THE OTHER EINSTEIN: Was Einstein a Dick or just Brilliant & Flawed?


the-other-einstein audio cover By: Marie Benedict
Narrator: Mozhan Marno
Penguin Random House Audio/Random House Audio

Genre: Fiction – Historical 

Release Date: October 18, 2016 

8 Hours and 30 Minutes

I voluntarily reviewed an advance readers copy of this book for review, but without obligation.   No remuneration was exchanged and all opinions presented herein are my own except as noted.

In the tradition of The Paris Wife and Mrs. Poe, The Other Einstein offers us a window into a brilliant, fascinating woman whose light was lost in Einstein’s enormous shadow. This is the story of Einstein’s wife, a brilliant physicist in her own right, whose contribution to the special theory of relativity is hotly debated and may have been inspired by her own profound and very personal insight.

Mitza Maric has always been a little different from other girls. Most twenty-year-olds are wives by now, not studying physics at an elite Zurich university with only male students trying to outdo her clever calculations. But Mitza is smart enough to know that, for her, math is an easier path than marriage. And then fellow student Albert Einstein takes an interest in her, and the world turns sideways. Theirs becomes a partnership of the mind and of the heart, but there might not be room for more than one genius in a marriage.


My Take Oblong Shaped

I am married to a physicist, and was also educated as a scientist,  so this book was of interest to me. 

It explores the social norms for women, particularly as they applied to career, education and marriage, at the end of the Victorian era and into the first two decades of the twentieth century.

Einstein is highly regarded for his brilliance and theoretical understanding of the physical universe.  But, there is some controversy in regards to how much of his brilliant theorizing were his alone and how much were those of his first wife (, Mileva Marić, the subject of this historical fiction. Of course the degree to which any relationship can be understood via epistolary correspondence is limited and therefore, the theories about Mileva’s intellect and contribution vary. We do know the couple divorce and he ceded any monies from a future Nobel prize to her.

An article in the NYT in 1996 shares this passage in a letter of demands from Albert to Mileva from the end of their marriage:

The stipulations were as cold and precise as any of his mathematical equations. In July 1914, Albert Einstein wrote to his first wife, Mileva Maric, the mother of his two sons, laying down a series of conditions under which he would agree to continue their marriage:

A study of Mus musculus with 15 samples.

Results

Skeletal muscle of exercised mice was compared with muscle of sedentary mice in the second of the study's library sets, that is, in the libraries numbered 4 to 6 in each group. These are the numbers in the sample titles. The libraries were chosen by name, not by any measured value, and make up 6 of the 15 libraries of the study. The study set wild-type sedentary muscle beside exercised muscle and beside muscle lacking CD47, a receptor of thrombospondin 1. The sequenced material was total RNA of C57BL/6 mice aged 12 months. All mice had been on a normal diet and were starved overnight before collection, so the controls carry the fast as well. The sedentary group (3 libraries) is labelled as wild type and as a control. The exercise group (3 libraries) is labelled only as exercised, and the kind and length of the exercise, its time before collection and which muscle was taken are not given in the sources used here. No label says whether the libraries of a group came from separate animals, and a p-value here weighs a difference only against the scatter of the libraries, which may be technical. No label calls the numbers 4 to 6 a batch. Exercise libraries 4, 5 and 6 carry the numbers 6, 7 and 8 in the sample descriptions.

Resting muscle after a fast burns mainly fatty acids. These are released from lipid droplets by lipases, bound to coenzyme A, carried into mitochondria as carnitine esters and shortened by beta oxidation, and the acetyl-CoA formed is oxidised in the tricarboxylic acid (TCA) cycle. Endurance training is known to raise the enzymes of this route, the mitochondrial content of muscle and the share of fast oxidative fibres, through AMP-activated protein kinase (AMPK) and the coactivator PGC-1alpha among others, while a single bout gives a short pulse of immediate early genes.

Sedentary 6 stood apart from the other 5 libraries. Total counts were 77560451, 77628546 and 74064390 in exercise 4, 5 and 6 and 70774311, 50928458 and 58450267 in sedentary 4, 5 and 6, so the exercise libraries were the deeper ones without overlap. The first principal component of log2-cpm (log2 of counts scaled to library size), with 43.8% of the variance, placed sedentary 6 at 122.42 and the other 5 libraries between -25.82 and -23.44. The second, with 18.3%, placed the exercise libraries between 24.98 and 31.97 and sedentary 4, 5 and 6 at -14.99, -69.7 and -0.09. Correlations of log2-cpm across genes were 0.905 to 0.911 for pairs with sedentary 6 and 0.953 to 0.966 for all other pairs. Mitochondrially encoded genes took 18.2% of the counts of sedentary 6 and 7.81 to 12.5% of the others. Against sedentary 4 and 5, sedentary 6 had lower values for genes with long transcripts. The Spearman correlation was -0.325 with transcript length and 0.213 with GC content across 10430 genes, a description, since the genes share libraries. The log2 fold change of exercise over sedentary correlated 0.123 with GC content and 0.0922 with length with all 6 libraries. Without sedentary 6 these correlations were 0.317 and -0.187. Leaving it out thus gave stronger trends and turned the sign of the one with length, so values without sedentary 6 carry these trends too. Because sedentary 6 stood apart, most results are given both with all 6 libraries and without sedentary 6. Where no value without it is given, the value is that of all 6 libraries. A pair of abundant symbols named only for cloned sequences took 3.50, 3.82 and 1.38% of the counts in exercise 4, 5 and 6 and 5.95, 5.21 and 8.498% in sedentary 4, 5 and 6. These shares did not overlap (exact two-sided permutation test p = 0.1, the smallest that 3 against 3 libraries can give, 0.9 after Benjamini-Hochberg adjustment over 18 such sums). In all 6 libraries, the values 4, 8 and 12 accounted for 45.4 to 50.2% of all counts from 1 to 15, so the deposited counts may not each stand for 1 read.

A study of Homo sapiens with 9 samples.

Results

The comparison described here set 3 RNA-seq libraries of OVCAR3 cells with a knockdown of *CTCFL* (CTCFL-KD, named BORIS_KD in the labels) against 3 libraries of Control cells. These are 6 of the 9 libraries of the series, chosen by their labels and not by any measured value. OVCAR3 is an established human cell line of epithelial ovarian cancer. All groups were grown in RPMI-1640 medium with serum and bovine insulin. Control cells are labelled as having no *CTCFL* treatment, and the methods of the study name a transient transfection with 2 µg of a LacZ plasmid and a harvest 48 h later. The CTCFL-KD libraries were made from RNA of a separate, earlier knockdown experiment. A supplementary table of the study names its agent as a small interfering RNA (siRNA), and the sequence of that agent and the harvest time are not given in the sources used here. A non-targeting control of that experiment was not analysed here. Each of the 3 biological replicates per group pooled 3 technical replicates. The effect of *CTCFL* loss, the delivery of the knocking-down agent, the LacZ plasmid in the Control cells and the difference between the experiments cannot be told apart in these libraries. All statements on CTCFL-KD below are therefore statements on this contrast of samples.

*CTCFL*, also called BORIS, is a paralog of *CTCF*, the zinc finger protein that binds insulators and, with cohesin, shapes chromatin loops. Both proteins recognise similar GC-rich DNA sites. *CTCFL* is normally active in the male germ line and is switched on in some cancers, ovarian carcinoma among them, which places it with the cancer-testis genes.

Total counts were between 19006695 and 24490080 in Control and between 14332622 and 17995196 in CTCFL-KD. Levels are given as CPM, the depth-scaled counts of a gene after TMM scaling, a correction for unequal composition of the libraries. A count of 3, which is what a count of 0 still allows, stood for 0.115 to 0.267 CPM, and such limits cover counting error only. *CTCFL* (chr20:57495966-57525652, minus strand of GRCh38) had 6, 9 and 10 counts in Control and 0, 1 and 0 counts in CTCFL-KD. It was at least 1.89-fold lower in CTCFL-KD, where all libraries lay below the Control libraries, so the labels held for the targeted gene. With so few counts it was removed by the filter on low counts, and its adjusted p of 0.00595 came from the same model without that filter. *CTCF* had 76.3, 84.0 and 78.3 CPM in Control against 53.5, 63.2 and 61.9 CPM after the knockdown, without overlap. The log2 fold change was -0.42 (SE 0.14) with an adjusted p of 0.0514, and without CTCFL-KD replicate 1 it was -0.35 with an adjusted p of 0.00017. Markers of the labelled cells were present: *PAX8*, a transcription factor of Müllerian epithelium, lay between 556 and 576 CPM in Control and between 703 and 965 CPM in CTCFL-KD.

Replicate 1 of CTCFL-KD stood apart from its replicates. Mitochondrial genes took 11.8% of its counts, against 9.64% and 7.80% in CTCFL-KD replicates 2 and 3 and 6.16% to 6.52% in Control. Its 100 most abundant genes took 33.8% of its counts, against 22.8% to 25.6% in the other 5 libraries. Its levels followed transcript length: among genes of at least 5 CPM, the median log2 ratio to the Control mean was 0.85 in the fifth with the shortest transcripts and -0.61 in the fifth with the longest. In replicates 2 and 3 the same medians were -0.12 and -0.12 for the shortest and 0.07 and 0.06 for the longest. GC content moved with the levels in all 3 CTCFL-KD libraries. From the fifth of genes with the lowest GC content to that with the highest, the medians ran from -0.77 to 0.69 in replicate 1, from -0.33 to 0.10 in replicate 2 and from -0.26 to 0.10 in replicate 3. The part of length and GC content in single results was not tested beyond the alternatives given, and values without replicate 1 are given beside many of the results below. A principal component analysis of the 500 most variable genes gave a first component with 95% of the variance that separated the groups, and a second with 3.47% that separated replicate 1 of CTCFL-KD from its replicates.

”A. You will see to it (1) that my clothes and linen are kept in order, (2) that I am served three regular meals a day in my room. B. You will renounce all personal relations with me, except when these are required to keep up social appearances.” And: ”You will expect no affection from me . . . You must leave my bedroom or study at once without protesting when I ask you to.”

The author takes this idea and runs with it. How far she runs, given the evidence, is either too far or not far enough depending on which conclusions you want to make.  Was he any more or less egotistical and misogynistic than any other intellectual man of the period? Was she smarter than him, better able to take some of his ideas and put them into words for articles on which her name never appeared? Did this potential disparity sour their relationship and/or did he take advantage of the social position allowed me to use her brilliance to affect his own standing in the scientific community?

Aside from any further delving into the reality of the relationship, and Mileva’s contributions to the theories which changed our understanding of the physical world, the novel paints a dark picture of Albert Einstein. I ended up disliking him immensely and, through Mileva’s voice, felt the sad limitations society placed on women of the period.

By the end of the book I seriously disliked him. Whether or not it is justified I now think of him as a dick.

The problem with the story is that through being based in a set of letters which have been scrutinized by several (probably dozens of) scholars, the book can only dance around the facts of  the relationship and life of the couple, and  without more knowledge about Mileva can only guess at her life and character.

As such it becomes a little boring and mired in conjecture based on the letters and how the letters made the author feel about the “great man” in the couple.

The narrator, in giving voice to Mileva’s character often sounded bored; but perhaps this is the character’s feeling of being put upon, her limited choices, and her depression.  The problem of the period was that most women would have required a strong personality to rise above the societal norms to get credit and recognition.

It was not a story that left me feeling happy, nor that Mileva was ultimately rewarded in some way, by the end.  I can’t really say I enjoyed the sad and tragic tale but it presented a different side of the life of Albert Einstein who in the rest of my life has always been solely a brilliant man and who I therefore assumed was a man of honor.  I have made this assumption about people of genius or power before in my life only to disappointed. I think it showed me again that all people are complex and that even the brilliant can be flawed in character.